Jurors scarce for Charleston tobacco litigation
CHARLESTON, W.Va. - Closing arguments are scheduled to begin next week in Charleston in civil cases filed on behalf of hundreds of local people against the country's largest tobacco manufacturers.
Senior Status Judge Arthur Recht of Ohio County is presiding over the mass litigation trial taking place in the old Kanawha County Courthouse.
It's the third time attorneys have attempted to try the case, alleging tobacco injuries to more than 800 plaintiffs.
In 2011 a mistrial resulted during the first trial in Wheeling. A second attempt to seat a jury in Kanawha County failed.
This time, county officials called 8,000 residents as potential jurors and narrowed that list to 800. In mid-April, lawyers for both sides chose 10 from that group and presentation of evidence got underway.
Most of the cases were filed in Kanawha County.
While it is mass litigation, it is not a class action lawsuit that lumps all of the plaintiffs into one trial.
Injury - in some cases the plaintiffs have died - is alleged to have been caused by Philip Morris, R.J. Reynolds, American Tobacco Co., Brown and Williamson and Lorillard, all major manufacturers of cigarettes.
The judge said contemporary attitudes about tobacco and smoking make finding impartial jurors a difficult job.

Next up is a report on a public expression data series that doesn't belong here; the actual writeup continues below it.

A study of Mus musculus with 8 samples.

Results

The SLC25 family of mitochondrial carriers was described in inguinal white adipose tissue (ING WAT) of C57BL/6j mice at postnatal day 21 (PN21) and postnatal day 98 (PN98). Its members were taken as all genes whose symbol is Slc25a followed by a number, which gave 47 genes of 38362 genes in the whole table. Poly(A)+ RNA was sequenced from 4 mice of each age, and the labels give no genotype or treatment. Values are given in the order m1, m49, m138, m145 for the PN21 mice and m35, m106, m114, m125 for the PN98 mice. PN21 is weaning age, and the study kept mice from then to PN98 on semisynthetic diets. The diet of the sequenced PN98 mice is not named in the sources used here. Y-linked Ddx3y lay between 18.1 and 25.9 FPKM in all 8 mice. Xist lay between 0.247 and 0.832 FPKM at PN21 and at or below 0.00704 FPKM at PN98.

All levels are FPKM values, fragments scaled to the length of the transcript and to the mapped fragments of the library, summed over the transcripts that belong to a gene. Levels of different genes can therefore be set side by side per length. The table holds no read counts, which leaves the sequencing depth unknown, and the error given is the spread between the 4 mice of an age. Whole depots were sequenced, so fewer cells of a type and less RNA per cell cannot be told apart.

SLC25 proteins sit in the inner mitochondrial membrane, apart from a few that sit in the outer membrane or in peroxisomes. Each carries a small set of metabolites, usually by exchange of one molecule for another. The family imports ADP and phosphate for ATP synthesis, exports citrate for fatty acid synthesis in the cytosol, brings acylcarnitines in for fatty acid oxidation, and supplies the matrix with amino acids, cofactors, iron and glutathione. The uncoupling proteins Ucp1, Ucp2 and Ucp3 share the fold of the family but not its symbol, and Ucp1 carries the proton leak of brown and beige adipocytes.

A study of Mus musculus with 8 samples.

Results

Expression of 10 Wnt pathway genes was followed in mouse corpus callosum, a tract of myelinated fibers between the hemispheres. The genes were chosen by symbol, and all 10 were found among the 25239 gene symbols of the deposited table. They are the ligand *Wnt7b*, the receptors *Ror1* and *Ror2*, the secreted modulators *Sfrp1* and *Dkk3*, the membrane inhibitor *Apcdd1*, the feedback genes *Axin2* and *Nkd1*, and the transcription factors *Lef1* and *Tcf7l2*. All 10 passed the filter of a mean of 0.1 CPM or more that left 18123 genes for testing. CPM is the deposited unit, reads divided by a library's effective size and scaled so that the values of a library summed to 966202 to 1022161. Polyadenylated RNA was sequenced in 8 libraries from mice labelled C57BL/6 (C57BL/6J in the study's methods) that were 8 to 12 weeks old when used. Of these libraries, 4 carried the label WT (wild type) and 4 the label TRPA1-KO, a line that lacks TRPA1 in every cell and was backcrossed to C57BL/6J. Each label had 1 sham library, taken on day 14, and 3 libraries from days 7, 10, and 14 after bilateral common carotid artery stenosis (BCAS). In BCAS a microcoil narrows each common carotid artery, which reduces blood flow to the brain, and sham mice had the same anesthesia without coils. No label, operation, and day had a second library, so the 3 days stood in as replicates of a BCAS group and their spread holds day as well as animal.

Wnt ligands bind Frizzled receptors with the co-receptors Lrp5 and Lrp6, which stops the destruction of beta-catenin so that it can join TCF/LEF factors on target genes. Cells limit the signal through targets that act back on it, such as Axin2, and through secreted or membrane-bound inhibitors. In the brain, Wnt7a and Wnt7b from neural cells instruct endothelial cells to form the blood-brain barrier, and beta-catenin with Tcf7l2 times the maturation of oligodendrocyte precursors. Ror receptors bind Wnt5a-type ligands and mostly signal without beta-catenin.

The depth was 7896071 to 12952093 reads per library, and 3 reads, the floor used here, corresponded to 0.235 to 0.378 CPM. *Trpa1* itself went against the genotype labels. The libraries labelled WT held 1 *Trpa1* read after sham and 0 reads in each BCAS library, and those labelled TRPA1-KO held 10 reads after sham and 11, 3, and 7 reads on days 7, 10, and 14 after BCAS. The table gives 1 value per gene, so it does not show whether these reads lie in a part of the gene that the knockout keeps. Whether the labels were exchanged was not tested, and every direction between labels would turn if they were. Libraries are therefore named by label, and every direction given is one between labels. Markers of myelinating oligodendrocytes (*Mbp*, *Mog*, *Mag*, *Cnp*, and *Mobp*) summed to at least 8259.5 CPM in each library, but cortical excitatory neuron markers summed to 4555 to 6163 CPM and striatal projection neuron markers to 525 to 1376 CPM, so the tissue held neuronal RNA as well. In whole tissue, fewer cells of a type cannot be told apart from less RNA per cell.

Recht said, "People think there's so much information out there that if you smoke, shame on you.
"On the other side, some people view tobacco companies as the devil incarnate - string them up!" he said.
"This makes it hard to get people to listen to the evidence and decide the case."
Recht has divided the mass litigation into two phases. This trial marks the first phase and is an attempt to narrow the issues so future juries can tackle the cases in groups of five or six.
Recht said phase one is trying to resolve some of the big issues - that the companies manufacture and sell a defective product not reasonably safe for its intended use; that they breach an express warranty when they say it is safe; and that their conduct was such that it warrants an award of punitive damages.
Those issues will be decided by the Kanawha jurors. After hearing weeks of testimony, attorneys will present their closings Monday.
"Once we get answers to those questions, we can begin trying the 800 or so cases," he said.
Recht will appoint about 10 more judges to hear those cases, most likely in the southern counties of the state.
Another aspect of the tobacco litigation, medical monitoring, was tried in Wheeling in 2001. About 250,000 litigants successfully sued the major tobacco companies to provide that testing.
The trial has attracted attorneys from around the country who are interested in or involved in tobacco litigation.
Former Attorney General Darrell McGraw joined 44 other states in a class action lawsuit against tobacco companies that resulted in a $1.8 billion payout for the state after a settlement in 1996.
Contact writer Cheryl Caswell at email@example.com or 304-348-4832.